Lerwick, Shetland Islands, Scotland
Founded by Dutch fishermen in the 17th century, Lerwick today is a busy town and administrative center. Handsome stone buildings—known as lodberries—line the harbor; they provided loading bays for goods, some of them illegal. The town's twisting flagstone lanes and harbor once heaved with activity, and Lerwick is still an active port today. This is also where most visitors to Shetland dock, spilling out of cruise ships, allowing passengers to walk around the town.
In the Shetland Museum, this airy, glass-fronted café and restaurant serving reasonably priced lunches and somewhat pricier dinners has proved popular. Chunky wooden tables fitted with glass panels allow you to see the artwork featured on top. Good lunch picks include the seafood chowder; in the evening, try Shetland lamb shoulder marinated in spiced yogurt or local salmon with green-pea risotto.
A stone tower on the site of what was originally an Iron Age fortification, Clickimin Broch makes a good introduction to these mysterious buildings. It was possibly intended as a place of retreat and protection in the event of attack. South of the broch are vivid views of the cliffs at the south end of the island of Bressay, which shelters Lerwick Harbor.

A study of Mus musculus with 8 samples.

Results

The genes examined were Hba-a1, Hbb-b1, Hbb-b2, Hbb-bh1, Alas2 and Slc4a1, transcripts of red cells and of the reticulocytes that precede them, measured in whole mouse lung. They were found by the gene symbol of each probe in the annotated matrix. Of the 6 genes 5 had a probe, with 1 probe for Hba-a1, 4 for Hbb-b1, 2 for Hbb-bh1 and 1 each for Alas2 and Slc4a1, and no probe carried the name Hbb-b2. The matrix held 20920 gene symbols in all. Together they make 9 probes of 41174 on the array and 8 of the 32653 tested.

This artillery fort was built in 1665 to protect the Sound of Bressay from the invading Dutch. They seized it in 1673 and razed the fort to the ground. They were soon chased out of Shetland and the fort was rebuilt in 1781.
On the last remaining stretch of the old waterfront at the restored Hay's Dock, the striking Shetland Museum, with its sail-like tower, is the area's cultural hub and a stimulating introduction to local history. The two-story space is filled with displays about archaeology, textiles, and contemporary arts. Standout exhibits include depictions of the minutiae of everyday Shetland life across the centuries, the last remaining sixareen (a kind of fishing boat), and the collection of lace shawls donated by Shetland families. The museum is also a wonderful place to hang out; look for vintage vessels moored in the dock and seals that pop up to observe everyone at the glass-fronted café-restaurant terrace.